We see a lot of wild things. But if there was one thing we didn’t see coming, its longevity doctor Peter Attia, M.D., going ham on the preacher curl machine at Gold’s Gym with fitness legend Arnold Schwarzenegger, age 75, whispering sweet nothings in his ear.
While we’re certainly here for Attia showing his hard-earned bicep pump on the ‘gram, there’s a little more substance to this post than appears to the naked eye.
Though The Governator and The Longevinator have strikingly different origin stories, their workout goals are near identical: to train now to maintain their fitness far into old age. Here’s exactly how they’re training to fight aging, and live a longer, healthier life.
Their Routines Are Less Intense and More Balanced
Back in his heyday, Schwarzenegger lifted weights for nearly five hours a day—a practice that snagged him numerous Mr. Olympia titles and lead roles in movies like The Terminator and Predator.
While Attia’s routine is not nearly as infamous, he spent his younger decades chasing one daunting cardio feat to the next. In his book Outlive, Attia details swimming to Catalina Island from Los Angeles, covering an impressive 21 miles in a mere fourteen hours. After his run with open-water swimming, he poured his energy into becoming the best he could at cycling, clocking in hours every day on his bike.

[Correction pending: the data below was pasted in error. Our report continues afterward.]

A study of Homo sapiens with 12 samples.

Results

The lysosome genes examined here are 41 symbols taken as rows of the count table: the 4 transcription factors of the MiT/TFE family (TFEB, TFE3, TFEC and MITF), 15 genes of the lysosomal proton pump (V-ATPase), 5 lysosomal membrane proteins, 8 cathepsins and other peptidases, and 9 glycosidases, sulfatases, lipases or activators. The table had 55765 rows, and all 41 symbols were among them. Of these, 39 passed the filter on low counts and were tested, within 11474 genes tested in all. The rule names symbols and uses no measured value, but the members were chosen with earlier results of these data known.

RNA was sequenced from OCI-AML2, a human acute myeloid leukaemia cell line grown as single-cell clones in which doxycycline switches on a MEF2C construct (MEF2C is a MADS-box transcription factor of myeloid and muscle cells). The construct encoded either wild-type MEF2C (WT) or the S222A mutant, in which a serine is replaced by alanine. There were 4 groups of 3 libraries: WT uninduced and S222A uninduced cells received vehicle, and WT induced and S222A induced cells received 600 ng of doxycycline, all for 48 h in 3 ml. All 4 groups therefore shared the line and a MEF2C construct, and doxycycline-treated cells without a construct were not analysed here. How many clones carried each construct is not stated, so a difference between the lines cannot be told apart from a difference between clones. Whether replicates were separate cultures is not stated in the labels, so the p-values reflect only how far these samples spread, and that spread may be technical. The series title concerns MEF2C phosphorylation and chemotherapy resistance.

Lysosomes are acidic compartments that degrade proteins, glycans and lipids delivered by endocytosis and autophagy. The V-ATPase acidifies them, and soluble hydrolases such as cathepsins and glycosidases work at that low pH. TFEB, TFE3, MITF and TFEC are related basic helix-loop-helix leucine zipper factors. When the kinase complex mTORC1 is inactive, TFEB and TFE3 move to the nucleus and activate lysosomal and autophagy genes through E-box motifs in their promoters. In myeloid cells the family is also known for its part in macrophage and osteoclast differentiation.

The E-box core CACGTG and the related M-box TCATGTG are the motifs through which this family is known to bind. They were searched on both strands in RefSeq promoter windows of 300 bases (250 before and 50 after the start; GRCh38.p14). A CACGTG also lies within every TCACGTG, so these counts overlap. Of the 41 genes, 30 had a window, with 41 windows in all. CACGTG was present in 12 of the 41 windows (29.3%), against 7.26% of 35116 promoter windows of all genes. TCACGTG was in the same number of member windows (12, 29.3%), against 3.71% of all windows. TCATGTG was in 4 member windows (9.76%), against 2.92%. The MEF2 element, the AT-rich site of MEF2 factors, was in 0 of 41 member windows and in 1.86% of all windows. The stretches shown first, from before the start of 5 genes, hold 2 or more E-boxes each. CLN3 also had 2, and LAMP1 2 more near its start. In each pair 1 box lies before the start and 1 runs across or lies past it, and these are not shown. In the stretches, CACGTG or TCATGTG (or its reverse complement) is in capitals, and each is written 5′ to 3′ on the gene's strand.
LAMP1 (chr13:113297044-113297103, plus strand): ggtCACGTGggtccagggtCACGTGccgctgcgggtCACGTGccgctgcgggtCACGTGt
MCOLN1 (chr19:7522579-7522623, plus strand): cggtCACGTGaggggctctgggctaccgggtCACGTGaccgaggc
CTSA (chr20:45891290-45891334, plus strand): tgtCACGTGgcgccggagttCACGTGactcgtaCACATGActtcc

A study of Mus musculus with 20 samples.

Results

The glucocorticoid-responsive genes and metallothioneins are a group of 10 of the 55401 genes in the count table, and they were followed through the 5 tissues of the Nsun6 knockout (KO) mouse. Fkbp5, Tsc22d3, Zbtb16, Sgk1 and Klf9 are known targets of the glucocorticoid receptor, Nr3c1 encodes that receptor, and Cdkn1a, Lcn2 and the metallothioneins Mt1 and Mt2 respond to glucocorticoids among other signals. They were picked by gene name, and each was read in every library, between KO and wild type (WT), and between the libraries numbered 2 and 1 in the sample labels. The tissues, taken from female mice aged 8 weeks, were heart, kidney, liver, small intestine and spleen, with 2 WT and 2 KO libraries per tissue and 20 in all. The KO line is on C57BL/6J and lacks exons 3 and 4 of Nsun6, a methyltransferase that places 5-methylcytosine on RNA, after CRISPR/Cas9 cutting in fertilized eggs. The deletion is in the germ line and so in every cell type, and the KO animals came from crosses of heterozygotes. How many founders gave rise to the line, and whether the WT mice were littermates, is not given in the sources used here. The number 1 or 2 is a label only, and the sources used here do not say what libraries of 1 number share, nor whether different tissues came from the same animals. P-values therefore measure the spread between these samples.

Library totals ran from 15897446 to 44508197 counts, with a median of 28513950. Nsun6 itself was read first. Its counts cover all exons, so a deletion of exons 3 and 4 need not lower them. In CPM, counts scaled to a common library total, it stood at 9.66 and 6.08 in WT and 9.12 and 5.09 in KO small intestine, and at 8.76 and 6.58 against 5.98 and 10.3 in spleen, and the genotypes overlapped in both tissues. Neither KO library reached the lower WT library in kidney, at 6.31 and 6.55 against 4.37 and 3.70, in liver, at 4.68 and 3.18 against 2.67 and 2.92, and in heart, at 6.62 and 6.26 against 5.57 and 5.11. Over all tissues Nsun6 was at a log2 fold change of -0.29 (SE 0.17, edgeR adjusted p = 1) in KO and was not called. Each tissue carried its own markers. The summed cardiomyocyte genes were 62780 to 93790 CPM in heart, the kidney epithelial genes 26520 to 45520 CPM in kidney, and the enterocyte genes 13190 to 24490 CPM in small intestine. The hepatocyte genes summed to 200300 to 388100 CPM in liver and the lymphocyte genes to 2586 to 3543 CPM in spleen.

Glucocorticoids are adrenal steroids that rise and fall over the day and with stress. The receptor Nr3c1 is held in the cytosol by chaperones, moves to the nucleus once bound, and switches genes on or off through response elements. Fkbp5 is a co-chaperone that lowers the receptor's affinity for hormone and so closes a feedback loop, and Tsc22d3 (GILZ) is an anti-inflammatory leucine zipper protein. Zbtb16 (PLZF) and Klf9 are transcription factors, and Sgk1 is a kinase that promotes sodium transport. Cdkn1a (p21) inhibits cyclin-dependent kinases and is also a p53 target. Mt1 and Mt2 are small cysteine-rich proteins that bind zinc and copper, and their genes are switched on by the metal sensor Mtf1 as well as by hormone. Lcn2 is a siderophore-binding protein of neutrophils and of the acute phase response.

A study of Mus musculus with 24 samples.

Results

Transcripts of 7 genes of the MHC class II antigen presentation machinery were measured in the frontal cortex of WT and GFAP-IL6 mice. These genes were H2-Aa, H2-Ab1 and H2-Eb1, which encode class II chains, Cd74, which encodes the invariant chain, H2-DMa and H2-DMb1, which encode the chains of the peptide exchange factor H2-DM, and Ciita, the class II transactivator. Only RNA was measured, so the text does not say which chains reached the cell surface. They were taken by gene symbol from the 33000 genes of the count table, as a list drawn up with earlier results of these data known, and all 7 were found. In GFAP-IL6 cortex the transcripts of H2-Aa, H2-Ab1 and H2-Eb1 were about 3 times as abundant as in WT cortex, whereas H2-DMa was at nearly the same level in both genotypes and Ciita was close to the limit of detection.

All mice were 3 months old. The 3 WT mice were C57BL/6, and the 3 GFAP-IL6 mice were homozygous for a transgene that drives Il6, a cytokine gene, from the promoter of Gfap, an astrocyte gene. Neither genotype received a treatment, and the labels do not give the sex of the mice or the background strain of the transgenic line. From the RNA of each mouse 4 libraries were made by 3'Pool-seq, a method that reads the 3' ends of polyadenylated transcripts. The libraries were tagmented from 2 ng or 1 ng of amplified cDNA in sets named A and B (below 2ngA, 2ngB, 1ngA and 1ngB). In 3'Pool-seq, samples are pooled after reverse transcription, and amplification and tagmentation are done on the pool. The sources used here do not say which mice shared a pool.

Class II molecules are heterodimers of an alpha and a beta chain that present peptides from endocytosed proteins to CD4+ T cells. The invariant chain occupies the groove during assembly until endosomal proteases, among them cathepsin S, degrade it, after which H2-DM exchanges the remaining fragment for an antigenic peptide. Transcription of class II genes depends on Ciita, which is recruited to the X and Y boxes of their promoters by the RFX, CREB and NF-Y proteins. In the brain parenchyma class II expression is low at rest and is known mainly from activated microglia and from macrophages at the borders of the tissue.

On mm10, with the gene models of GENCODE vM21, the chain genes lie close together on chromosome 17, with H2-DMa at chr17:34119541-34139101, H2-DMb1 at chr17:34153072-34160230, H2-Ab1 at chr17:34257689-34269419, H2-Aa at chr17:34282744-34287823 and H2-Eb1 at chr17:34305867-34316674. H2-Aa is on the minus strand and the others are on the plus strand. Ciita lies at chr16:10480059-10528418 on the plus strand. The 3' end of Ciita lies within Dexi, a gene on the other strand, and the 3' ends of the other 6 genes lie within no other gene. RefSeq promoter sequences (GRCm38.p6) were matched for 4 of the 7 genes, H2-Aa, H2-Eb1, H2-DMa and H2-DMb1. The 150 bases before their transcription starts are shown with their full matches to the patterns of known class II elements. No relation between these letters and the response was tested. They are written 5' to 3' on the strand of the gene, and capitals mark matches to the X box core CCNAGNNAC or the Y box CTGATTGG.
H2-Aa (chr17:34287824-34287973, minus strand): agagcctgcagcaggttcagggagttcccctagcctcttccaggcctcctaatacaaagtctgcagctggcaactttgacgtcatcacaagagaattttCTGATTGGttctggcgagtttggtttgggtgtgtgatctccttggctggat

But in their infinite wisdom, Attia and Schwarzenegger have recently pulled back.
“I’ve chosen to adapt to my age, make my workouts a little bit different and focused on staying lean, and avoiding injury,” he told Men’s Health in 2021. He’s slashed his workouts down to a slim 90 minutes: cycling for 45 to 60 minutes, and lifting weights for another 30 minutes, he told Insider.
Attia cut back on the obsessive cardio. “The truth was that I had become pretty useless at everything except pedaling my road bike as fast as possible for twenty kilometers,” he says in Outlive. “I possessed a high VO2 max and I could produce a lot of power through the pedals, but I was not truly strong or flexible, and I didn’t have great balance or stability.” All essential elements of what he’s coined the Centenarian Decathlon—his training regimen that focuses on training to have the most function possible in our marginal decade of life.
They’re More Focused on Movement Quality
The 30 minutes Schwarzenegger spends pumping iron? It’s not nearly as high impact as it once was. “I’ve moved away from free weights and stick to the workout machines,” he told Men’s Health.
Attia’s approach to training mimics the Hippocratic oath: “First, do no harm.” He argues strength is important, but stability training should come first. “We need to change our approach so that we are focused on doing things right, cultivating safe, ideal movement patterns that allow our bodies to work as designed and reduce our risk of injury,” he writes in Outlive. “Better to work smart than too hard.”
He recommends dynamic neuromuscular stabilization (DNS), which involves teaching your body and brain the patterns of perfect movement we learned as kids. He’s also a big proponent of building grip strength and eccentric control through exercises like farmer’s carries and weighted steps ups.